Eventos Académicos, 39 ISCHE. Educación y emancipación

Tamaño de fuente: 
Dealing with “évolués” in Belgian Congo - a question of paternalism until the bitter end?
Marc Depaepe

Última modificación: 2017-07-16


Since the 1990s, “we” (as a team) have been busy studying the history of education in the former Belgian Congo. Of course, since then we have not only closely monitored the theoretical and methodological developments in the field of colonial historiography, but have ourselves also contributed to that history being ever more of a story that has been conceived in two directions. No matter how difficult this may be for educational historiography, we have searched from the start for effects of Belgian educational actions among the Congolese. Did that “civilisation process”, which was almost exclusively targeted at “paternalism”, finally contribute to the current debacle in the Congolese educational world? Alongside the World Bank, organisations such as Unicef very regularly point out that the defects of the system (the internal corruption, the high drop-out rate at schools, underpayment or non-payment of those employed in the sector, inflation of diplomas, etc.) will have to be tackled in a structural manner. But changes in mentality naturally cannot happen overnight. And educational historians can only be expected to contribute to this indirectly via renewed and in-depth historical insight. For this reason, we have assessed, among other things via interviews in Kinshasa and in the Matonge quarter in Brussels, the school experiences of “évolués” who lived through the education action of the overwhelmingly Catholic missions just before independence (in 1960). This took place according to the possible role that upbringing and education, in defiance of all paternalism fostered from above, nevertheless played in the areas of the development of personal life, individual autonomy and/or emancipation, etc.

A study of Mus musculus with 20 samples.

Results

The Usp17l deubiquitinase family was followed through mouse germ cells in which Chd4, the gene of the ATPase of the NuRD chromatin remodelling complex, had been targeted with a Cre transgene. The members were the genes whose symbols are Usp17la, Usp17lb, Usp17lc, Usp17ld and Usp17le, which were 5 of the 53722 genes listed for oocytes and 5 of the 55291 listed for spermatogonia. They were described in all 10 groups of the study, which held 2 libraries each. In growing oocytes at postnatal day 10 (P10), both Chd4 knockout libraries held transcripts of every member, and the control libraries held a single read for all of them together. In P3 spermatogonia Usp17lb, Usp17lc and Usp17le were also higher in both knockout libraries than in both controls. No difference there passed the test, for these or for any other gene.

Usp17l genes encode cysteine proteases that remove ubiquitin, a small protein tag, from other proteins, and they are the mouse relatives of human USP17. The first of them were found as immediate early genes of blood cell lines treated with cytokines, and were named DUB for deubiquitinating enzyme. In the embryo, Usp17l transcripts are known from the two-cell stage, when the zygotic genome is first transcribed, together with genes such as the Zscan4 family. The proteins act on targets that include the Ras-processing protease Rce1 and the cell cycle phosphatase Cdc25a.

It goes without saying that this is one of the most intrinsic history of education questions. It is hard to answer, because it goes hand in hand with the specificity and normativity of the source material that is traditionally kept and studied about schools. But it goes without saying that interviews, as well as biographical and autobiographical material, can indeed generate partial insights, which furthermore can also contribute to a better conceptualisation of the history of education in general. One of our basic principles is precisely that the structure and the effects, as well as the systemic faults, of the “modern” pedagogical life are best visible in a colonial context, whereby it was as it were necessary to completely redo that modernisation, often due to the naive belief in the supremacy of the Western (in this case Catholic) culture. For internal use, we labelled that process “cooking at high pressure”.

However, before it is possible to move on to such speculations, there must be sufficient empirical evidence at our disposal. From the rear-view mirror of history, we are in this regard zooming in on the crucial 1950s, during which decade thoughts first turned to the education of a (very limited) “elite”. The thesis we are using in this respect is that the “mental space” of colonialism was not of a nature as to have a very great widening of consciousness among the local population as its effect.